November 2013

Last week of the CSA

. . . Nov 26, 2013 | posted by Josephine
Last week of the CSA

The calendar may say it is still fall but these cold nights are telling me it is winter.  Winter on the farm is a time of introspection, reflection and planning.  It is time to get our household in order, literally and figuratively.  The field is wet and will likely be so until spring, so it is time to winterize our equipment and perform annual maintenance.  I am looking forward to making drapes for the house and mending jeans, reorganizing our wash/pack setup and ordering seeds.  I am not looking forward to giving the house a thorough cleaning, worrying about the animals on cold nights, and scrimping and saving over the coming months without regular income, but it is a package deal.
 
We have had a full year.   In the spring we planted perennial crops like asparagus, peaches, muscadines, blackberries and blueberries.  The big payoff is years away, but we should get the first blackberries next summer, we may steal a few asparagus stalks in the spring and maybe even a few blueberries if Randy isn’t too religious about knocking off the blossoms.  In total, we planted nearly twice the area we grew on last year and somehow managed the double load of field work with the blood, sweat and tears to show for it.  Earthworms are slowly repopulating the field.  We (unfortunately) learned about black rot and pickleworms, and discovered that squash bugs eat more than just squash.  This summer, Randy got a new all-terrain wheelchair, giving him access to more of the farm and under a broader range of conditions.  We started going to the Oxford City Market and have made connections with lots more sustainable farmers in Mississippi.  More recently, we put up a high tunnel and we are already harvesting out of it!  We found a breed of broiler chickens that we enjoy raising after becoming completely and utterly fed up with meat birds and ready to give it up.  Yes, there were some minor disasters – we almost killed all the tomato plants this spring with an unexpected freeze, two thirds of our laying hens ran away, and the corn catastrophe tops the list of crop failures – but on the whole we proclaim the 2013 growing season a success.  Of course we haven’t looked at the books yet but we have kept the lights on and the mortgage paid, so we must be doing something right.
 
More importantly, we are starting to feel like farmers.  Last year had the feeling of playing house.  I wanted to be a farmer, but I felt a bit like an imposter, waiting to see if this farming thing would take.  Now, two years in I feel the satisfaction of living a purposeful life.  The nagging question of can we make this work? is transformed into how do we make this work? because I cannot possibly imagine what I would do if not farming.  It is largely because of you, our CSA members, that we are able to farm.  Thank you.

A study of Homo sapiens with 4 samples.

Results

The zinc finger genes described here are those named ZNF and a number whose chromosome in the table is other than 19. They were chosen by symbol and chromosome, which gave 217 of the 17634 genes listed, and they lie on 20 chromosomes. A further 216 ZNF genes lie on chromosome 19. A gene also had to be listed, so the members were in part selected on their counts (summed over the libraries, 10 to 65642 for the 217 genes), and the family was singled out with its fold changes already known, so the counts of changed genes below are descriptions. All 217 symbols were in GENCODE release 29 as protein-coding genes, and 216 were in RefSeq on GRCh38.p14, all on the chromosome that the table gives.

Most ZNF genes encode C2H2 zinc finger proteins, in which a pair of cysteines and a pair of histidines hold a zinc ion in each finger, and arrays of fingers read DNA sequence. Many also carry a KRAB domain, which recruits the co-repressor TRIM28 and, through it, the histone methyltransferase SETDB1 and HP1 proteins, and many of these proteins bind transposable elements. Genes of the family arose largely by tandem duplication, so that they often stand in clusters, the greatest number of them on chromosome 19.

Whole diet CSA, Maybe One Day

. . . Nov 23, 2013 | posted by Josephine
Future Farmers?

On Friday of last week I gave a presentation on Community Supported Agriculture at the Mississippi Fruit and Vegetable Growers Association Conference in Philadelphia, Mississippi.  I talked with a group of growers and extension agents about the CSA concept of sharing the risks and rewards of the growing season between farmers and their customers and about all the different ways farmers are putting that into practice.  One of the coolest things out there is the Whole Diet CSA.  Basically customers pay a flat fee at the beginning of the year and go to the farm and pick up whatever they will eat in that week.  That includes fruits and vegetables, milk, eggs, meat and grains.  That’s right, members of these CSAs pick up all their food for the week, just like a grocery store that they have already paid for (without the aisles and aisles of processed food, of course).  I am intrigued by this, mostly because it sounds insane.  How do you plan for that?  How do these farms grow grains on a small scale?  Of course it isn’t crazy, it’s a food independent homestead expanded to feed an extended household.  A whole diet CSA takes a special kind of customer, too.  Someone who will make butter out of cream and yogurt and mozzarella out of milk, someone who mills their own grain and bakes bread.  Against my know-better self, I have to say, it sounds so romantic!  Perhaps five years from now, when we have it All Figured Out, you will see TCF launch a whole diet CSA.
 
For now, we are just trying to make our little CSA better and better.  Our greatest challenge, in my opinion, is getting a more uniform harvest throughout the year so we always have enough of everything without having a mountain of sweet potatoes (or lettuce, or bok choi) that we don’t know what to do with [sideways glance to the 600 pounds of sweet potatoes packed in our front room].  We rely on farmers markets to absorb the variance in our production, but there are a lot of farms out there that just do CSA.  Man, they must really have their act together!  Despite all the things I don’t like about CSA (having to grow stuff that I know loses money, explaining to our wonderful members when we’ve had a crop failure) we plan to grow the CSA as a proportion of our business because

  •     We love having a deeper connection with our customers
  •     We can diversify the CSA more easily to include meat
  •     Farmers markets can be variable and unpredictable and take a lot of time away from the farm
  •     The CSA provides the greatest financial security

Of course, we can only expand the CSA because of awesome people like you who choose to be our members.  Thank you for supporting us this year!